One of the most common recurring problems in scaling your servers is deciding how many servers or how many cores you will need. Do I really need this many servers or is there something wrong with the way I implemented the server Architecture? Remember how flipkart.com failed to scale their servers. Horizontal vs Vertical vs Hybrid scaling is another important consideration. Is there a quantitative way you can make this decision? In this article I have tried to represent a mathematical model to fit into a web service request-response queuing mechanism which would answer these questions. I have used the Erlang–C model to compute the queue length and waiting times, which in turn can be used to fit the right number of servers required to serve a certain number of users. Before I pour a reservoir of details down your throat I will give you an insight into the various parameters that are involved. Note, I have curtailed all the details in arriving at the final results in order to keep the post short.
Mean request rate: λ: This is really dependent on the number of users and it very much follows a poisson distribution of request arrival (let’s say number of requests per hour).
Mean Service rate: µ: This is the number of service requests that your system can deliver. It really depends upon how long a service request takes. Imagine a typical search request might take O(nlogn )complexity and depending on the number of entries(n), you can compute the mean service time (this also has a certain O(n) time factor which might be directly dependent on the bandwidth costs which might be a major factor in some cases). A better way to measure this is by running a bunch of performance tests on your server to directly measure the mean response time and completely get rid of the bandwidth criteria.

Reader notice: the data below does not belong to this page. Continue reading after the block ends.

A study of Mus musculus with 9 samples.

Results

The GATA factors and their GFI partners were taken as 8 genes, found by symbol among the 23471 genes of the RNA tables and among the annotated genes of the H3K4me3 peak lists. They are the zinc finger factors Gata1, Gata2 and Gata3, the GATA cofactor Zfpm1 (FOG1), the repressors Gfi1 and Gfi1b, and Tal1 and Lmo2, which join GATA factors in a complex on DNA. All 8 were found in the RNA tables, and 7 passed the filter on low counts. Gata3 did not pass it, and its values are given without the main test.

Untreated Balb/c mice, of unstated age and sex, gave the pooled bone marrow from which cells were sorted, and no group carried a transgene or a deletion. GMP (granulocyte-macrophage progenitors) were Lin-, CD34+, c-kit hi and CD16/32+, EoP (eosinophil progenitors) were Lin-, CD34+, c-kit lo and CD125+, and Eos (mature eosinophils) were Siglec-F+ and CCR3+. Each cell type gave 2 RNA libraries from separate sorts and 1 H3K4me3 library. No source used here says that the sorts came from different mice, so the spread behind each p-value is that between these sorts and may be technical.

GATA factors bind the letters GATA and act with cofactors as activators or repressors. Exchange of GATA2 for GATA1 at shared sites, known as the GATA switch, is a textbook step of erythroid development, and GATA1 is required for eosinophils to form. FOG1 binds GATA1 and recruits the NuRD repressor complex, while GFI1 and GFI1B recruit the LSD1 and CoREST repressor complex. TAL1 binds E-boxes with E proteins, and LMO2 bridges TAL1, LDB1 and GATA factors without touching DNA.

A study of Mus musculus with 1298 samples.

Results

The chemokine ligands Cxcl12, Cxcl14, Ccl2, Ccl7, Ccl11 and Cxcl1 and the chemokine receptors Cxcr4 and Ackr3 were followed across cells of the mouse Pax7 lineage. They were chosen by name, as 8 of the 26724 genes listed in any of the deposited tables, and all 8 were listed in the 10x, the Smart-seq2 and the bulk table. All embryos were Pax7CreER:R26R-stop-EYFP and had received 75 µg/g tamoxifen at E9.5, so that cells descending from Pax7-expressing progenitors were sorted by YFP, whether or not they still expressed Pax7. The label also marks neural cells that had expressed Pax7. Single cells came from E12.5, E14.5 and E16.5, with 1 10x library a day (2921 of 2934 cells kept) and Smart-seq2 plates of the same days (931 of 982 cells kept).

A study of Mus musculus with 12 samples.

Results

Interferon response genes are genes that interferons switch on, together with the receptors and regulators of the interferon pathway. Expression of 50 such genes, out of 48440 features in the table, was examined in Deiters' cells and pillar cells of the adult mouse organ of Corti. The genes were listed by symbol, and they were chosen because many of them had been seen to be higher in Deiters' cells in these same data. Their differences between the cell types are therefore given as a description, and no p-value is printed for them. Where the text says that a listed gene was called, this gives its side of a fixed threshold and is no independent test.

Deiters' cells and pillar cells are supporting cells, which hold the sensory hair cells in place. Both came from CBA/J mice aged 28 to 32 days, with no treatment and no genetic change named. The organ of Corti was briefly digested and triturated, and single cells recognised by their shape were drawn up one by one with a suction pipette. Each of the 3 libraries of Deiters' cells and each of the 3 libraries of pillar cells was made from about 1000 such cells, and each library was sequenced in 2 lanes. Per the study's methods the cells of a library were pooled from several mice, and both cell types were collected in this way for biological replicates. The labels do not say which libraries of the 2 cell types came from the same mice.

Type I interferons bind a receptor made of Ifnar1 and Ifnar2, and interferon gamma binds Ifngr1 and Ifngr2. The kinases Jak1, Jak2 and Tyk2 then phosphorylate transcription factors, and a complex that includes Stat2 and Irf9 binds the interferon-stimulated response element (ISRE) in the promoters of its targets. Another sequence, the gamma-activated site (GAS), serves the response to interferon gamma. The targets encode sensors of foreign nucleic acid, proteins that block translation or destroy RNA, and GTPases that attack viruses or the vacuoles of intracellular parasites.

Number of servers: S: For horizontal scaling. Let’s call S the horizontal scaling factor and µ the vertical scaling factor.
Distribution and the first expectation
We can arrive at the probability that no queue is maintained as:
Observant readers might have already smelled a bivariate Poisson distribution in: λ, µ and we can generalize it to n :
(You can observe that )
Now the expected waiting queue length can be derived from the first discrete expectation of n over the probability distribution.
The computation of is an algorithm, on the other hand to fit the right number of servers to reduce the value of L down to a given required value would be a direct binary search In time. Overall to find out the number of servers required to efficiently run your state system could be computed in time.
- This can be applied on cloud based SAAS where server scalability is a very important issue.
- Proactive server scaling can be done if we know how long an individual http call can take to respond, depending on the complexity of the function returning the value in the back-end.
- Identifying performance bugs can be easy. We can easily identify performance issues or bottle necks rather than mindlessly increasing the number of servers or cores.
- Optimum number of cores per server vs number of servers required to achieve the most optimized performance scalability.
- This really doesn’t count for new features that keep getting added and the new potential users that keep getting added. Over a period of time the mean request rate is always going to increase with time.
- Varying Bandwidths and network speeds and other infrastructure dependencies.
- Horizontal scaling factors, usually when you add two servers you always don’t get twice the performance, there is a certain performance cost just to maintain the new server as well. There are ways to measure state dependent performance scaling as well using Conway- Maxwell distribution.
- We can apply this to a finite state system where in there are a small number of users like in a typical enterprise environment.
- One can make a more quantified pricing model for deciding the server prices vs the number of server requests made.